Depression in Women
Depression does not solely affect women. However, research indicates women typically experience depression more often than men. Some studies suggest women are nearly twice as likely as men to struggle with symptoms of a depressive disorder. Research also suggests women experience depression and associated symptoms in different ways. Also, symptoms of depression that occur across the genders may present differently for women.
Common symptoms of depression in women may include a wide range of physical, emotional, and behavioral changes and struggles. Frequently noted symptoms include:
- Difficulties focusing
- Lack of desire to participate in hobbies or activities you once enjoyed
- Significant, unplanned weight loss
- Oppressive feelings of guilt, shame, hopelessness, or worthlessness
- Mood swings
- Anxiety and irritability
- Chronic exhaustion and weakness (without a known cause)
- Sleeping difficulties
- Talking about or thinking about death or suicide
Although both men and women may experience any or all of the above symptoms when struggling with depression, women often feel or experience symptoms differently or for different reasons. It is not uncommon for women to experience more intense depression symptoms due to hormonal differences between the genders. Women often experience significant shifts in mood and emotion during times of notable hormone changes such as pregnancy, childbirth, menopause, and menstruation. When dramatic hormonal changes are combined with stressors or trauma that trigger depression, the depressive symptoms one experiences may be worsened.
Women may also experience depression at more significant rates due to social norms or expectations placed on women. Women often express feelings differently than men. This is also true when women experience depression. Instead of acting outwardly, which is sometimes seen with men struggling with depression, women are more likely to exhibit sadness, turn to unhealthy coping mechanisms (such as eating or substance abuse), or blame themselves for the circumstances that led to their depression.
Depression in women may also stem from biological factors unique to women, such as menopause, perimenopause, pregnancy, and childbirth. Postpartum depression is a form of depression unique to women who have recently given birth. Also called perinatal depression, this form of depression results from the dramatic hormonal shift that occurs during pregnancy and after childbirth. During this time, women may experience elevated sensitivity to life events such as stress, lack of support, and relationship issues. Research suggests that as many as one in seven women experiences postpartum depression during the first year after giving birth. Additionally, up to 300,000 women who have experienced miscarriage or stillbirth experience postpartum depression. Perimenopausal depression occurs as a women transitions into menopause. Again, during this period, women experience significant hormonal changes. General life stressors, personal struggles, and other factors can all increase your risk of developing depression during perimenopause and menopause.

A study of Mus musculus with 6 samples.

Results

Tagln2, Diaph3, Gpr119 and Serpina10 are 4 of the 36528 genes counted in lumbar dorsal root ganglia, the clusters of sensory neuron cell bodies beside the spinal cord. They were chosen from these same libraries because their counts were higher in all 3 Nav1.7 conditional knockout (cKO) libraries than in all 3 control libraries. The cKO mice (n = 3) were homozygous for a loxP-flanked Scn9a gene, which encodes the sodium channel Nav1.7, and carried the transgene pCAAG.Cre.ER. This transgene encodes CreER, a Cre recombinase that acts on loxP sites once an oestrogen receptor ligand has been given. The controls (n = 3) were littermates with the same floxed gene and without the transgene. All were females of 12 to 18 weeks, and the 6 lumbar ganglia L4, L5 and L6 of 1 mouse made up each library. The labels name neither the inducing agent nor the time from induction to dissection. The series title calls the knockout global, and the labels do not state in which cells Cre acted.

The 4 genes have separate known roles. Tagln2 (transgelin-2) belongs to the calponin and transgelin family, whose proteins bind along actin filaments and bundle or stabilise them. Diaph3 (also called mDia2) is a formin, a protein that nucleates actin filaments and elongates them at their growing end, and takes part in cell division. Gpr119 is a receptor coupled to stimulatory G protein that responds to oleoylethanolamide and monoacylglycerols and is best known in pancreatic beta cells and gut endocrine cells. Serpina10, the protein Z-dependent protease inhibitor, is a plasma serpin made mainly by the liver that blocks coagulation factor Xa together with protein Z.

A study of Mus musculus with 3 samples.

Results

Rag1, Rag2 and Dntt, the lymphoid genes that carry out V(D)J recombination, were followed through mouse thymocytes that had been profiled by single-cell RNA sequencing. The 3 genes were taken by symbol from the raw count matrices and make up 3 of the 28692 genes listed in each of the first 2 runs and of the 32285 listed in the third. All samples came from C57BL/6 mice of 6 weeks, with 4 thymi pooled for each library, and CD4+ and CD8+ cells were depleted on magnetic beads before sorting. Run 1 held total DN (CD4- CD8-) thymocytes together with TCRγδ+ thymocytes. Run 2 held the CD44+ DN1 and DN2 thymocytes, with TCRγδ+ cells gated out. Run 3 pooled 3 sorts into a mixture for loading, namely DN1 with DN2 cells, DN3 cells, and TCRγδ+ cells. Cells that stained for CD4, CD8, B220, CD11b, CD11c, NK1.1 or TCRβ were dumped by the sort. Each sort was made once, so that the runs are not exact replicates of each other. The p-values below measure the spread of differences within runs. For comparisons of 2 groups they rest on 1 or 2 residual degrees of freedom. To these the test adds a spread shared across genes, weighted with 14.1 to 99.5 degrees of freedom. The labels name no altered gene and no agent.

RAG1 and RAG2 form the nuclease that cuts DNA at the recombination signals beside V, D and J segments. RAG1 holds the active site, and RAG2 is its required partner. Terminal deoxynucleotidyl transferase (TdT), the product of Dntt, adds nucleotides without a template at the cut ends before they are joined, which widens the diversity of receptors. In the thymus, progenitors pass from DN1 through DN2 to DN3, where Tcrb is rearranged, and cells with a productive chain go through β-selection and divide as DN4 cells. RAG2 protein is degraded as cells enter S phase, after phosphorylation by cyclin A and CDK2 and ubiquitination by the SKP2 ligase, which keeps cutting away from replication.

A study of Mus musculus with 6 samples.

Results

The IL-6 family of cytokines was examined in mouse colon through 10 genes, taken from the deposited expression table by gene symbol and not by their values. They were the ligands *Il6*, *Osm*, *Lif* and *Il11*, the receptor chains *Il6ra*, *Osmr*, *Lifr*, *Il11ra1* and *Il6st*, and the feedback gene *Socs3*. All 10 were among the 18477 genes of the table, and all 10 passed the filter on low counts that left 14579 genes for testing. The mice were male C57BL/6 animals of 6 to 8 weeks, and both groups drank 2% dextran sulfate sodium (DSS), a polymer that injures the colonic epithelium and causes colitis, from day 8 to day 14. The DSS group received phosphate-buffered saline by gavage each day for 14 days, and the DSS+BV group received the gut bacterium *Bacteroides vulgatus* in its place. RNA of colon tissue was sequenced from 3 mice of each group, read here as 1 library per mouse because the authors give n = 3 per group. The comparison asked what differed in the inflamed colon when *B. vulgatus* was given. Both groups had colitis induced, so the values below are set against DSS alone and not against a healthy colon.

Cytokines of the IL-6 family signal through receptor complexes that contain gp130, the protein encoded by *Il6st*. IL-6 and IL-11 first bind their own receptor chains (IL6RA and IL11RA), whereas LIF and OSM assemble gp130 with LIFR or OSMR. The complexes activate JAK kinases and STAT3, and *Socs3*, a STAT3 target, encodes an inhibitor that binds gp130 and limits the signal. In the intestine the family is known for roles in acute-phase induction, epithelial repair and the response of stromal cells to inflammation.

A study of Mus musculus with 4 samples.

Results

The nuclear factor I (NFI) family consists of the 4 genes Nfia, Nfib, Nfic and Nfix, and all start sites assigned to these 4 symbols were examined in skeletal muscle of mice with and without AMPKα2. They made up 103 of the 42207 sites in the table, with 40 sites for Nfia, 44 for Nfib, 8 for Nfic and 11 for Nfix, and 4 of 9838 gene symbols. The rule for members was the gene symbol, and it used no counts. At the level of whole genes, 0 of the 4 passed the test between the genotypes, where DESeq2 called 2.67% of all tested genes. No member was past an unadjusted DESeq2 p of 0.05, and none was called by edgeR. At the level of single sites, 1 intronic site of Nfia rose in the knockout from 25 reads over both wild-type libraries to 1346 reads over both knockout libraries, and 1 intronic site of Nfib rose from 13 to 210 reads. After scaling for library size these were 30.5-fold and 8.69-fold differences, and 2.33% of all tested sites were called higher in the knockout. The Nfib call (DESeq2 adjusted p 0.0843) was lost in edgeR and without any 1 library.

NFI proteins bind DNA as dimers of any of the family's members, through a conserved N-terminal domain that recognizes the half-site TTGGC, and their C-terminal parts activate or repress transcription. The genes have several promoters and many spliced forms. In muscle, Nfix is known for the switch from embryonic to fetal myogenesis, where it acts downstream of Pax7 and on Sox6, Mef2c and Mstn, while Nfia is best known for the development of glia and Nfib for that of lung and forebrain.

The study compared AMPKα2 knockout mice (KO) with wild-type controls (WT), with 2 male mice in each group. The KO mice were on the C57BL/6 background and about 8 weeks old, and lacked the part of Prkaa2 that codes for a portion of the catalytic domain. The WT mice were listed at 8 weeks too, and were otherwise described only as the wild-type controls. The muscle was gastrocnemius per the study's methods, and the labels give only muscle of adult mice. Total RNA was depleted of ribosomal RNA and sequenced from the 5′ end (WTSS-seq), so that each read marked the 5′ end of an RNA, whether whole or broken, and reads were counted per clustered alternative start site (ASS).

In addition to gender-specific factors, women can also develop depression from various factors that are seen across all genders. Examples may include seasonal changes, chemical imbalances in the brain, a family history of depression, illness, loss, and trauma. Regardless of the cause, seeking help at a depression treatment center for women can help you learn how to manage and safely cope with depression symptoms.
Dual Diagnosis Treatment
What to Expect in a Women's Depression Treatment Center
As noted above, although men and women both experience depression, the symptoms and experiences women struggle with as they work to manage their symptoms while still actively participating in family and community obligations are different than those of their male counterparts. At a women-focused depression treatment center, you can expect to receive caring, supportive, compassionate care. Our depression treatment programs at Casa Serena are designed with your specific needs and goals in mind. As part of treatment, you will participate in a range of one-on-one and group therapy sessions with other women who share similar struggles. Together, you can develop and practice essential coping skills to help you manage depression triggers and symptoms outside of the treatment environment.
Recover from Substance Abuse
Our Women's Depression Residential Treatment Can Help You
Although complex and challenging to manage without help and support, depression is a highly treatable illness, and fortunately, the rate of people seeking help to overcome their symptoms is increasing. Some statistics indicate as many as 72% of those who reported experiencing major depressive disorder also reported seeking and receiving treatment for their symptoms. Like many mental health conditions, depression does not have a “cure.” However, with treatment at a depression treatment program for women, you can learn safe and effective ways to manage and significantly reduce the impact of depression symptoms.
If you struggle with depression, know that you are not alone. Although your symptoms may feel overwhelming, with help, they can become manageable and far less impactful on your day-to-day life. At a women-focused depression treatment program, you will work with other women who share the same experiences as you begin your journey to recovery. With treatment, depression is a highly manageable condition. Let the team at Casa Serena help you start your journey to a healthy, fulfilling future free from the cloud of depression. To learn more about our programs and how treatment at our women's residential depression treatment program can help you (or a loved one), contact a member of our admissions team today.